What is UBI?
In the next 12 years, 1 out of 3 American workers is at risk of losing their jobs to new technologies
—and unlike with previous waves of automation, this time new jobs will not appear quickly enough in large enough numbers to make up for it. To avoid an unprecedented crisis, we’re going to have to find a new solution, unlike anything we’ve done before. It all begins with Universal Basic Income for all American adults, no strings attached – a foundation on which a stable, prosperous, and just society can be built.
What is Universal Basic Income (UBI)?
Universal Basic Income (UBI) is a form of social security that guarantees a certain amount of money to every citizen within a given governed population, without having to pass a test or fulfill a work requirement. Every Universal Basic Income plan can be different in terms of amount or design.
Andrew Yang is running for President as Democrat in 2020 on the platform of Universal Basic Income. The UBI he is proposing for the United States is a set of guaranteed payments of $1,000 per month, or $12,000 per year, to all U.S. citizens over the age of 18. Yes, that means you and everyone you know would get another $1,000/month every month from the U.S. government, no questions asked.
Why does Andrew Yang want to implement Universal Basic Income (UBI) in America?
Andrew Yang wants Universal Basic Income because we are experiencing the greatest technological shift the world has ever seen. By 2015, automation had already destroyed four million manufacturing jobs, and the smartest people in the world now predict that a third of all working Americans will lose their job to automation in the next 12 years. Our current policies are not equipped to handle this crisis. Even our most forward-thinking politicians are unprepared.
As technology improves, workers will be able to stop doing the most dangerous, repetitive, and boring jobs. This should excite us, but if Americans have no source of income—no ability to pay for groceries, buy homes, save for education, or start families with confidence—then the future could be very dark. Our labor participation rate now is only 62.7% – lower than it has been in decades, with 1 out of 5 working-age men currently out of the workforce. This will get much worse as self-driving cars and other technologies come online.
Andrew’s version of UBI—funded by a simple Value Added Tax—would guarantee that all Americans benefit from automation, not just big companies. UBI would provide money to cover the basics for Americans while enabling us to look for a better job, start our own business, go back to school, take care of our loved ones or work towards our next opportunity.
For more about why Andrew Yang believes so strongly in Universal Basic Income, read his book ‘The War on Normal People’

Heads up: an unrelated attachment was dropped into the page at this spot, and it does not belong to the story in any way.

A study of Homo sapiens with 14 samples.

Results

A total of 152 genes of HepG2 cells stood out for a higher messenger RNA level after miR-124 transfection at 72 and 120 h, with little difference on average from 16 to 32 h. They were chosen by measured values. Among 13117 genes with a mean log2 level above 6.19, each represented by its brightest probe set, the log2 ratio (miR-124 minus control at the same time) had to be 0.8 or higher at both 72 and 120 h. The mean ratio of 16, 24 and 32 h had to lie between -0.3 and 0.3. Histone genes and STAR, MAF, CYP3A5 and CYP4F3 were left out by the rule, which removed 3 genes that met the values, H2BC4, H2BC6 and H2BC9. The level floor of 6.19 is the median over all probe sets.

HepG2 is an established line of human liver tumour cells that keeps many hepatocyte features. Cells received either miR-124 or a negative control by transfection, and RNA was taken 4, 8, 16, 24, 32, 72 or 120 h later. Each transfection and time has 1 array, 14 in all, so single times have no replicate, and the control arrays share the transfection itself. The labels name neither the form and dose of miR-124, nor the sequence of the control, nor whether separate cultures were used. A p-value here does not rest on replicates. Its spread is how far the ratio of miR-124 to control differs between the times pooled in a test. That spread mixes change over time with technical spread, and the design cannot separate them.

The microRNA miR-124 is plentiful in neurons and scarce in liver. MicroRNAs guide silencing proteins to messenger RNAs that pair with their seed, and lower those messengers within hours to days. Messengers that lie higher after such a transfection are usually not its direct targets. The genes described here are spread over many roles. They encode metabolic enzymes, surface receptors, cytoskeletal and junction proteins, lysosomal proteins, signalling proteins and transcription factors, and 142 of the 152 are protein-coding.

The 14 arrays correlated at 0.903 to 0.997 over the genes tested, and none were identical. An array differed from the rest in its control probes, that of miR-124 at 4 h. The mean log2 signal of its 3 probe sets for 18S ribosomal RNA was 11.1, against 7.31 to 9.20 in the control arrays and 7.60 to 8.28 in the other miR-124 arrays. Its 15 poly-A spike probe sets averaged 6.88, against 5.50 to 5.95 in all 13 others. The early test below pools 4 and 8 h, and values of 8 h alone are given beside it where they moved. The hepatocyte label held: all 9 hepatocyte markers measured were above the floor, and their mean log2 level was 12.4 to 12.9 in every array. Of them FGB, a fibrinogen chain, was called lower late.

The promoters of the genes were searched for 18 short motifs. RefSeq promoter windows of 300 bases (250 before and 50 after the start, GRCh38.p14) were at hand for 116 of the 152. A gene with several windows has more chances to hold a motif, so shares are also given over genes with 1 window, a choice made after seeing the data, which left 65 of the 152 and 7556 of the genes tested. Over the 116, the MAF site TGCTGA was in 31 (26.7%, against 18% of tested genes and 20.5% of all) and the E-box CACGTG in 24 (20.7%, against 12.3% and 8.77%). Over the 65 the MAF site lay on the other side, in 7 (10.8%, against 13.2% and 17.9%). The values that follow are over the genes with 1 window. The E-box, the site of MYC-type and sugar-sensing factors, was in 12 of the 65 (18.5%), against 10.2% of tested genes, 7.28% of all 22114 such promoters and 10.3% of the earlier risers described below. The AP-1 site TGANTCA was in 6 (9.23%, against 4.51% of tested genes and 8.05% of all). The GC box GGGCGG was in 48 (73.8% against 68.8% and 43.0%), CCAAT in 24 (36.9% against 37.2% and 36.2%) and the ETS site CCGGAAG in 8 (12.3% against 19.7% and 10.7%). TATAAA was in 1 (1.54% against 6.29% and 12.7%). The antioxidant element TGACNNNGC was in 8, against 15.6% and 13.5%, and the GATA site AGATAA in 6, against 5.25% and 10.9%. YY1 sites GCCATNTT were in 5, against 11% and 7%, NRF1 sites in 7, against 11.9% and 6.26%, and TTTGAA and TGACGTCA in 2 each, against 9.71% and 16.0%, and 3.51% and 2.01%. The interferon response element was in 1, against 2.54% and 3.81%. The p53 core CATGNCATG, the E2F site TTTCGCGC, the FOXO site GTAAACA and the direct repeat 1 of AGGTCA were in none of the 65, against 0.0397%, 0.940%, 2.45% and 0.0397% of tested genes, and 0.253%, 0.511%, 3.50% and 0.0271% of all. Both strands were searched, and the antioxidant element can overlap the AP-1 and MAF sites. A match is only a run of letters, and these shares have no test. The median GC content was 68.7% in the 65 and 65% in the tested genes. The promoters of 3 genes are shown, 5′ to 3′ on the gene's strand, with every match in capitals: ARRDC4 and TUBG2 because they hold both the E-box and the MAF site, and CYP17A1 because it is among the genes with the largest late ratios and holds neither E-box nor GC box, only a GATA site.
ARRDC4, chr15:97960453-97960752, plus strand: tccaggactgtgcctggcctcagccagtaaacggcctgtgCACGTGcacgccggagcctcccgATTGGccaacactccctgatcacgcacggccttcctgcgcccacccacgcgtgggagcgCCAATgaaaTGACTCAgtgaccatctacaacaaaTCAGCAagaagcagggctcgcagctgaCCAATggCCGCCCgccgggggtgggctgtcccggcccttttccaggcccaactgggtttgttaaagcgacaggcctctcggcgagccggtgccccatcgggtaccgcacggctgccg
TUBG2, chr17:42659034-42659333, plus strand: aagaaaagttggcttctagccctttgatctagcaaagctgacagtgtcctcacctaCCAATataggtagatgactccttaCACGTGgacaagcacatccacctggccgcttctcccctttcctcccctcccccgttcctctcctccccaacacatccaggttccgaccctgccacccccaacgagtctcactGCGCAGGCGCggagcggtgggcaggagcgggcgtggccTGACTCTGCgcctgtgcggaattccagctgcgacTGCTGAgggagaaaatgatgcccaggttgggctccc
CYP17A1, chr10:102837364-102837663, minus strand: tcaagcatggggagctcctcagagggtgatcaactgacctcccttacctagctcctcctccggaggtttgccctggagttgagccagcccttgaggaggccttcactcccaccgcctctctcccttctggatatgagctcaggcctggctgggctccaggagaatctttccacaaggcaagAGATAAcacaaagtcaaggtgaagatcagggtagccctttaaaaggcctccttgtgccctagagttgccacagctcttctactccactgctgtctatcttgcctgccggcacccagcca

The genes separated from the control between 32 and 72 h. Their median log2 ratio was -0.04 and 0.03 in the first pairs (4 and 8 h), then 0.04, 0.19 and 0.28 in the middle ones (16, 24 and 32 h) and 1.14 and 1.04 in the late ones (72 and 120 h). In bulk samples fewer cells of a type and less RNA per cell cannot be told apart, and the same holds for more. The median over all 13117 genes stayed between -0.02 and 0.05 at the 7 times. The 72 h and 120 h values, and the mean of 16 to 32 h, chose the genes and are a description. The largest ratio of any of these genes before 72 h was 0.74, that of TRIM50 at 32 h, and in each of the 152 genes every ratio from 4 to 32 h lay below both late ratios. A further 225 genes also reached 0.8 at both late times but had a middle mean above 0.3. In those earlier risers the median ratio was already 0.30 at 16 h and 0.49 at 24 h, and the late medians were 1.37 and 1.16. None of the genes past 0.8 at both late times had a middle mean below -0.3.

published by Hachette on April 3rd.
Who would get UBI in Andrew Yang’s plan?
Every U.S. citizen over the age of 18 would receive $1,000 a month, regardless of income or employment status, free and clear. No jumping through hoops. Yes, this means you and everyone you know would receive a check for $1,000 a month every month starting in January 2021.
What would you do with $1,000 a month on top of whatever you now make? Let’s find out.
How would we pay for Universal Basic Income?
It would be easier than you might think. Andrew proposes funding UBI by consolidating some welfare programs and implementing a Value-Added Tax (VAT) of 10%. Current welfare and social program beneficiaries would be given a choice between their current benefits or $1,000 cash unconditionally – most would prefer cash with no restriction.
A Value-Added Tax (VAT) is a tax on the production of goods or services a business produces. It is a fair tax and it makes it much harder for large corporations, who are experts at hiding profits and income, to avoid paying their fair share. A VAT is nothing new. 160 out of 193 countries in the world already have a Value-Added Tax or something similar, including all of Europe which has an average VAT of 20 percent.
The means to pay for a Universal Basic Income will come from 4 sources:
1. Current spending. We currently spend between $500 and $600 billion a year on welfare programs, food stamps, disability and the like. This reduces the cost of Universal Basic Income because people already receiving benefits would have a choice but would be ineligible to receive the full $1,000 in addition to current benefits.
2. A VAT. Our economy is now incredibly vast at $19 trillion, up $4 trillion in the last 10 years alone. A VAT at half the European level would generate $800 billion in new revenue. A VAT will become more and more important as technology improves because you cannot collect income tax from robots or software.
3. New revenue. Putting money into the hands of American consumers would grow the economy. The Roosevelt Institute projected that the economy would grow by approximately $2.5 trillion and create 4.6 million new jobs. This would generate approximately $500 – 600 billion in new revenue from economic growth and activity.
4. We currently spend over one trillion dollars on health care, incarceration, homelessness services and the like. We would save $100 – 200 billion as people would take better care of themselves and avoid the emergency room, jail, and the street and would generally be more functional. Universal Basic Income would pay for itself by helping people avoid our institutions, which is when our costs shoot up. Some studies have shown that $1 to a poor parent will result in as much as $7 in cost-savings and economic growth.